Explaining a Root Canal
A dental procedure to remove the soft center of the tooth which is the pulp is known as a root canal. The pulp is home to the nerves, blood vessels, and connective tissue that help to nourish the tooth.
In most cases, a dentist or an endodontics specialist will perform the procedure under local anesthesia. This procedure has acquired a scary reputation but it is quite common and therefore it is suggested that you learn about it if you have been recommended one.
What Are the Causes Necessitating a Root Canal?
This treatment is provided when the soft inner part of your tooth which is the pulp becomes inflamed, infected, or injured. The visible part of the tooth which is above your gum line will be intact even when the pulp inside is dead. To preserve the structure of the tooth it is suggested that the injured or infected pulp be removed.
Common causes necessitating this treatment include the following:
Untreated cavities causing deep decay.
Same tooth undergoing multiple dental procedures or developing chips or cracks.
Injuries to the tooth that may have damaged the pulp without cracking the tooth.
Common symptoms of the damaged pulp include pain in the tooth and swelling and sensation of heat in your gums. The painful tooth will be examined by your dentist to confirm the diagnosis with x-rays. You may also be referred to a specialist in endodontics to perform the treatment if it is determined as the best option.
What Are the Possible Side Effects of the Procedure?
The treatment will be provided by the dental professional in an effort to save your tooth. However, in some cases the damage is extensive or the enamel is too frail to undergo the procedure. Loss of teeth is a common result of these factors.
Are There Any Risks of Infections after the Procedure?
The risk of developing an abscess at the root of the tooth continues to remain if some infected material is not cleaned or the antibiotics provided are not effective. However, the specialist performing the procedure usually ensures the injured of the tooth is cleaned thoroughly before it is sealed.
What Is the Alternative for This Procedure?
If you are apprehensive about undergoing this restorative procedure you can discuss with your dentist about an extraction. It is the only alternative but will require placing a dental implant, bridge, or denture to replace the extracted tooth. You may consider this option if you are prepared to undergo further intensive dental work to replace missing teeth.
Performing Root Canal Therapy
The treatment will be performed in a dental office and when you arrive for your appointment you will be escorted to the treatment room by a technician.
The endodontics specialist performing the treatment will place some numbing medication on your gum close to the affected tooth before a local anesthetic will be injected into your gums. You will be awake during the procedure but will feel no pain because of the local anesthetic.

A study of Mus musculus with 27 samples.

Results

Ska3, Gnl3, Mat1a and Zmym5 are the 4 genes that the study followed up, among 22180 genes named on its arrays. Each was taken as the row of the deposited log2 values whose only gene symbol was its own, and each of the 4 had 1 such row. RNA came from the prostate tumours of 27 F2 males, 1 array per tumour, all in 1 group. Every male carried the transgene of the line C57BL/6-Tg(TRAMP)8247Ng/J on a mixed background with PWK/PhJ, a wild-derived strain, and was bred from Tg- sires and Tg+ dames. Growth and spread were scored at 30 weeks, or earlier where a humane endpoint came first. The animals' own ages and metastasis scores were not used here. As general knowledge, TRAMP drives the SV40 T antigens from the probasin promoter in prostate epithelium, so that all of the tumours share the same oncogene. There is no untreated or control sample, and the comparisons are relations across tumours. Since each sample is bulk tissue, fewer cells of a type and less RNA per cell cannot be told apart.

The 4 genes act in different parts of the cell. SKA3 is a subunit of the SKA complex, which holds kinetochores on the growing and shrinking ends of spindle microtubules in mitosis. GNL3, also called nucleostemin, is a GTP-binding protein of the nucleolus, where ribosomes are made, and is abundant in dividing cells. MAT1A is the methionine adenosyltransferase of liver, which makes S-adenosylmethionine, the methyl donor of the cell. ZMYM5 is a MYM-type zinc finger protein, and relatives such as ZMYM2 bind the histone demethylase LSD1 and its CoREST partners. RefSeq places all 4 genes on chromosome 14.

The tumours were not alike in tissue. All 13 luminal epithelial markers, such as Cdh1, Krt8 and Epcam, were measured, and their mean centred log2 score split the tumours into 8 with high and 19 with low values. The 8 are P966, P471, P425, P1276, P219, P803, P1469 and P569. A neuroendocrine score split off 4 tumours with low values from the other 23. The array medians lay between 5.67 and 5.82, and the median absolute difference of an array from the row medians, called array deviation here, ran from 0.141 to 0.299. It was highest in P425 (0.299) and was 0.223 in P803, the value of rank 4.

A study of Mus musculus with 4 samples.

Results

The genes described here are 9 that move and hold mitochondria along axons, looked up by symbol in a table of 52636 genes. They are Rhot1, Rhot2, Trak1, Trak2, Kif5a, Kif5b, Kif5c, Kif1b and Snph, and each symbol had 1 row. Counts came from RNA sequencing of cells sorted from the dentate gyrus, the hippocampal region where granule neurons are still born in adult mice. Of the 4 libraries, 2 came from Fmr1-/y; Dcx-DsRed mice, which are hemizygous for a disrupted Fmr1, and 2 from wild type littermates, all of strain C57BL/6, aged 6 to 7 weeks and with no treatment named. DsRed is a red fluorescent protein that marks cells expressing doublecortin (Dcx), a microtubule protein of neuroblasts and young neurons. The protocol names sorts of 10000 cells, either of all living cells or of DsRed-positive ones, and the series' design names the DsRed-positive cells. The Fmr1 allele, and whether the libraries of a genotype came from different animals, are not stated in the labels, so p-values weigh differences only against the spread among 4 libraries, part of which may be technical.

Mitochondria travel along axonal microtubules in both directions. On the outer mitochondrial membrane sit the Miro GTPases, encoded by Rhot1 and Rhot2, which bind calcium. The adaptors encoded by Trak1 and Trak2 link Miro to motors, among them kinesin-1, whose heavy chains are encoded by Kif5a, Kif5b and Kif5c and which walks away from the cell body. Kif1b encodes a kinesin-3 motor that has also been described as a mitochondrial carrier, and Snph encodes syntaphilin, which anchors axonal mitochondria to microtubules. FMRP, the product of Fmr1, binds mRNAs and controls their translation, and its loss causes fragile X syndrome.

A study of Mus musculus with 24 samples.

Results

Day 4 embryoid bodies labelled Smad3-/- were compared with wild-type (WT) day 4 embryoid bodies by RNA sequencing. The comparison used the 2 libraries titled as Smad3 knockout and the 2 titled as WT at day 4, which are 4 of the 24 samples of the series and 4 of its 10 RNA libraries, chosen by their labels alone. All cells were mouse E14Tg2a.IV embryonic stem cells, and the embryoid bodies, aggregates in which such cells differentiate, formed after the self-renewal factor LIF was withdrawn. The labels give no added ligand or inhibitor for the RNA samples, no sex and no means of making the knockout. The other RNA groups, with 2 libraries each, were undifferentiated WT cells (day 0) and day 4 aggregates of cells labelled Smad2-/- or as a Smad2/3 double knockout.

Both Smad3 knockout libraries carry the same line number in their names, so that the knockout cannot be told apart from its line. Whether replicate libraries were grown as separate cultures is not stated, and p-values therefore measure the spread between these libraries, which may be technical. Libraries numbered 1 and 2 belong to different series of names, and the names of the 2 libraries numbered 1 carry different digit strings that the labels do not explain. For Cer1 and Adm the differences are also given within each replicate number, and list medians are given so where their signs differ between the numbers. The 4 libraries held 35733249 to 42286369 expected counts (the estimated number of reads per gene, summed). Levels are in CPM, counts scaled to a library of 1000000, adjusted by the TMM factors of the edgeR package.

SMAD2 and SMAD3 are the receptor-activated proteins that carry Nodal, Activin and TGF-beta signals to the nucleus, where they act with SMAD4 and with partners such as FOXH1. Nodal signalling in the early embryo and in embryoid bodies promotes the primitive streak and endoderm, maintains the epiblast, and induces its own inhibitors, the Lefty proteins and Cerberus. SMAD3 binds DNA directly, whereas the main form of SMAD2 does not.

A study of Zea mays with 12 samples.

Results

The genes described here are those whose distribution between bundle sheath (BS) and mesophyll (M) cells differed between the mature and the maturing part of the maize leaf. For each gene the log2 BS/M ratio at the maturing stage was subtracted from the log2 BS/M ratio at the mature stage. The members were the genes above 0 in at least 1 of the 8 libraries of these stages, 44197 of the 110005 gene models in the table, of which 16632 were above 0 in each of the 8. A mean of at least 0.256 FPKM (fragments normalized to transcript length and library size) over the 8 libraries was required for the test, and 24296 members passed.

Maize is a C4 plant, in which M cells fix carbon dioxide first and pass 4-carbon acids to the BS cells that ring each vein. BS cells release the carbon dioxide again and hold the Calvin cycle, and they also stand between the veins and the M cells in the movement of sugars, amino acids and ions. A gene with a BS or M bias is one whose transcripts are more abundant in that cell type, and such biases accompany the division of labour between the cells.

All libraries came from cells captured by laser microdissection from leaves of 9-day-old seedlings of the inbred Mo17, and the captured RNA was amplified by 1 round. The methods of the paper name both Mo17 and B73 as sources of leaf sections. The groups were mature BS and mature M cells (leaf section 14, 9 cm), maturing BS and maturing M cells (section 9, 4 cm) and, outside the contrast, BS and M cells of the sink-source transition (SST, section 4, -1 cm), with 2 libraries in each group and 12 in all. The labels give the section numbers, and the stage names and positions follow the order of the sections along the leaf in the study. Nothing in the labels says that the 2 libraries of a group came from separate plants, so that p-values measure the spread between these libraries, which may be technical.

When the anesthetic has taken hold the professional will create a small access hole on the top of the tooth to expose the damaged pulp. The pulp will be removed carefully by the specialist by using small files and also clean out all the pathways in your tooth.
After the pulp has been removed the area will be coated by a topical antibiotic by your dentist to ensure any complication does not occur. The dentist will fill and seal the tooth after the canals are cleaned and disinfected. You will also be prescribed oral antibiotics to prevent any infections.
The procedure will be completed by filling the access hole at the top of the tooth with a temporary sealing material. The sealant helps to prevent the canals from damage by saliva.
What Happens After the Treatment?
As the anesthesia begins to wear off you will feel soreness in your gums and tooth along with some swelling. Over-the-counter pain medications will be suggested by most dentists to deal with this problem which should last for a few days. However, if you are suffering from extreme pain you can contact the dentist for advice.
People that undergo this treatment are able to enjoy positive results from the therapy throughout their lives. However, the results will depend on how you take care of your teeth and therefore you must understand that practicing good oral hygiene habits for all your teeth including the one restored is essential and cannot be avoided.
Will the Tooth Have Its Functionality Restored?
It may take you some time to get accustomed to how the tooth feels after the procedure which is normal and is not a cause for concern. You can also request your dentist to place a crown on the tooth for added strength and functionality. These are simply artificial teeth that can be made from porcelain or gold and have a realistic appearance. The choice of the restoration is entirely up to you.